Alicia Wynn couldn’t have been happier when she found out she was expecting her fourth child. But the 33-year-old mother’s excitement turned to anguish when she was diagnosed with stage 2 lobular breast cancer in the third month of her pregnancy.
“I never thought it would happen to me,” the St. Helena Island resident said. “I was so young.”
Just as her breasts were beginning to grow in the eighth week of her pregnancy, she noticed a small lump in her right breast. She brushed it off for a while, but the lump soon got bigger, prompting her to schedule a mammogram at the Beaufort Memorial Breast Health Center.
“I was terrified,” she recalled. “I didn’t know what was going to happen because I was pregnant.”
The imaging test was followed by a biopsy. Once the diagnosis was confirmed, the center’s breast nurse navigator scheduled appointments for Wynn with the three specialists who would be treating her cancer.
“With cancer like hers that’s HER2 positive, you get a better outcome if you have chemotherapy before surgery,” said Beaufort Memorial board-certified general surgeon Dr. Perry Burrus. “In her case, she experienced complete remission.”
But Wynn would pay a heavy price. Facing extensive treatment with the powerful drugs, she decided to terminate the pregnancy.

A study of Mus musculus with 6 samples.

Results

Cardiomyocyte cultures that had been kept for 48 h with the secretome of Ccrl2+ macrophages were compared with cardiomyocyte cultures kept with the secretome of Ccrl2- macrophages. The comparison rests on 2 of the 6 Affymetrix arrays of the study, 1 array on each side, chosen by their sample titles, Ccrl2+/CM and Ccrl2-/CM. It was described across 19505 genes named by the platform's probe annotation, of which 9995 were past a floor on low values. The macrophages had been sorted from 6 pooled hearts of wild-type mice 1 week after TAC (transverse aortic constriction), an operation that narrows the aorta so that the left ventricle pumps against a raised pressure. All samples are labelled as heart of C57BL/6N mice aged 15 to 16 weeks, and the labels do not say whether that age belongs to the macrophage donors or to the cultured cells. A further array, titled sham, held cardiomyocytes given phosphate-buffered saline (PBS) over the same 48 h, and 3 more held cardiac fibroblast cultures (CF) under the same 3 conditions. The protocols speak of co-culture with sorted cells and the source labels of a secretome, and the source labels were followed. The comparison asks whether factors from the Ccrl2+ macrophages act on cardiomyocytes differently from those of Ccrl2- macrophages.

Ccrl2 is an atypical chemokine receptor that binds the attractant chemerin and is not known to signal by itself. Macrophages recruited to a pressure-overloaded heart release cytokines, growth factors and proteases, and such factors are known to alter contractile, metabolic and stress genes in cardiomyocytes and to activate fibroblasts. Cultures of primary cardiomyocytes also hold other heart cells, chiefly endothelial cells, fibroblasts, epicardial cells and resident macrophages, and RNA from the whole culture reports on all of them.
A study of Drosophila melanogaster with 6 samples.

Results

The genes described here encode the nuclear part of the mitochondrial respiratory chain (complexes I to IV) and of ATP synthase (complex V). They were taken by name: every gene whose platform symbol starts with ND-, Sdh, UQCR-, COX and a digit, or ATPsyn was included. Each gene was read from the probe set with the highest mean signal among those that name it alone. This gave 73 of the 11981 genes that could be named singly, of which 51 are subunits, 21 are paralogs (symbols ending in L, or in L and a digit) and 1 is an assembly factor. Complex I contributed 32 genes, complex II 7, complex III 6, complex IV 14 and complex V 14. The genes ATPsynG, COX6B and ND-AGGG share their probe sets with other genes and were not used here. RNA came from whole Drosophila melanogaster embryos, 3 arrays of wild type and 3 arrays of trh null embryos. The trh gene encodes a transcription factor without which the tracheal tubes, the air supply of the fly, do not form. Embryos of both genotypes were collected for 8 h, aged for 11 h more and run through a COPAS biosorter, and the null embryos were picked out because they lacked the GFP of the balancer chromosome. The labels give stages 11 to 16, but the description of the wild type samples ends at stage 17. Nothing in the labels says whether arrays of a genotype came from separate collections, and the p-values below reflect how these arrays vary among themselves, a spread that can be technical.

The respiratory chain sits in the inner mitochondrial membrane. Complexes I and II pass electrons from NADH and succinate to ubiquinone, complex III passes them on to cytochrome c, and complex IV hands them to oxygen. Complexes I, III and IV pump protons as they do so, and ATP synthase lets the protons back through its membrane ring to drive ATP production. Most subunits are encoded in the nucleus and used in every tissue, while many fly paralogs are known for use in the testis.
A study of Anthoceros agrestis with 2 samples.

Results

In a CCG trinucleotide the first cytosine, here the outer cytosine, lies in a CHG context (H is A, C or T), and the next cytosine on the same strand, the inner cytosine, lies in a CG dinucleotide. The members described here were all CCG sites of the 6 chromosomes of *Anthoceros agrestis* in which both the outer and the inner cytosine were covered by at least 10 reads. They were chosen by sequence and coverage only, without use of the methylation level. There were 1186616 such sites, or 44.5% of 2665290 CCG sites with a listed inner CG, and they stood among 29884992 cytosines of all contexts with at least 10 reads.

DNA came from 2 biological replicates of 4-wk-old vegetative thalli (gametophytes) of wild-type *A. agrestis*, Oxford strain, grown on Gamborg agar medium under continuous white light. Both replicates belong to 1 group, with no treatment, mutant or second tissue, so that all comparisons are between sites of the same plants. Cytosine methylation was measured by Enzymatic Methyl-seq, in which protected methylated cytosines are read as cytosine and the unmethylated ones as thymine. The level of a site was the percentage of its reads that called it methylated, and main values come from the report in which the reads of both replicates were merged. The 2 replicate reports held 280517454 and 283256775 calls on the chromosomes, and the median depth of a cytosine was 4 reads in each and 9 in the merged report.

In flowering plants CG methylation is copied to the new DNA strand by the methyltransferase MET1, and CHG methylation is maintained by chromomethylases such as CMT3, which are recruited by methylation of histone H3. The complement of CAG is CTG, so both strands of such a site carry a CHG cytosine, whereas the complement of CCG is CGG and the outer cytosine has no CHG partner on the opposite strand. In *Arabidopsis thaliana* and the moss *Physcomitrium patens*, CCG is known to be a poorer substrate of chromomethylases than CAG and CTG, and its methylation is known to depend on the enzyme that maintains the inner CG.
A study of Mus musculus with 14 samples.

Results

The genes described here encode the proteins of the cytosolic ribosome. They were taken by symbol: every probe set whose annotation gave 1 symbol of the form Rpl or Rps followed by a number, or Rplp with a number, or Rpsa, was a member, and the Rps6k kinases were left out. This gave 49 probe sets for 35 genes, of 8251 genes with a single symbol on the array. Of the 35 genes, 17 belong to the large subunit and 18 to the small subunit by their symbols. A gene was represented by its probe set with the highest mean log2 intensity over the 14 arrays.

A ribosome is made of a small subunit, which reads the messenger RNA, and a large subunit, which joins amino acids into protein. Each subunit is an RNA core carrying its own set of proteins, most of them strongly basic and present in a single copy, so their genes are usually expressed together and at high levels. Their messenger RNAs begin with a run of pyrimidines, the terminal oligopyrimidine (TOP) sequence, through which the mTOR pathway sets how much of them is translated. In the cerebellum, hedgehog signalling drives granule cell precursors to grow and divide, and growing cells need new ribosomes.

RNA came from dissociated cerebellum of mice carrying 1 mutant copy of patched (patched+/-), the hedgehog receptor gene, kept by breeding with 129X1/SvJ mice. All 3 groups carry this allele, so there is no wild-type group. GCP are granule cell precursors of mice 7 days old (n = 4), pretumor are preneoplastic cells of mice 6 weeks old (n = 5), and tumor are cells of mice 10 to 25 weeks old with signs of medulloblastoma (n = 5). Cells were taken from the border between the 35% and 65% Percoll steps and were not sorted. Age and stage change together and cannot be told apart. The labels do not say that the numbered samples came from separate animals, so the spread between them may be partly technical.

“It was the hardest decision I’ve ever had to make,” she recalled. “When I told my daughter, she said, ‘Mom, I just want you to live.’”
Over the course of three months, she had six rounds of chemo. The vomiting and diarrhea began three days after her first treatment.
“I was miserable,” Wynn said. “When I started to lose my hair, I just cried and cried.”
To make her feel better, her brother and fiancé shaved their heads in a show of solidarity. Her mother accompanied her to most of the treatments and her kids made posters urging her to fight on. Having the support of her family helped her get through the ordeal.
After the chemotherapy, she underwent a lumpectomy and then 45 radiation treatments.
“So many people came together to help me fight the cancer,” Wynn said. “They made me feel protected and loved. I always felt everything was going to be OK.”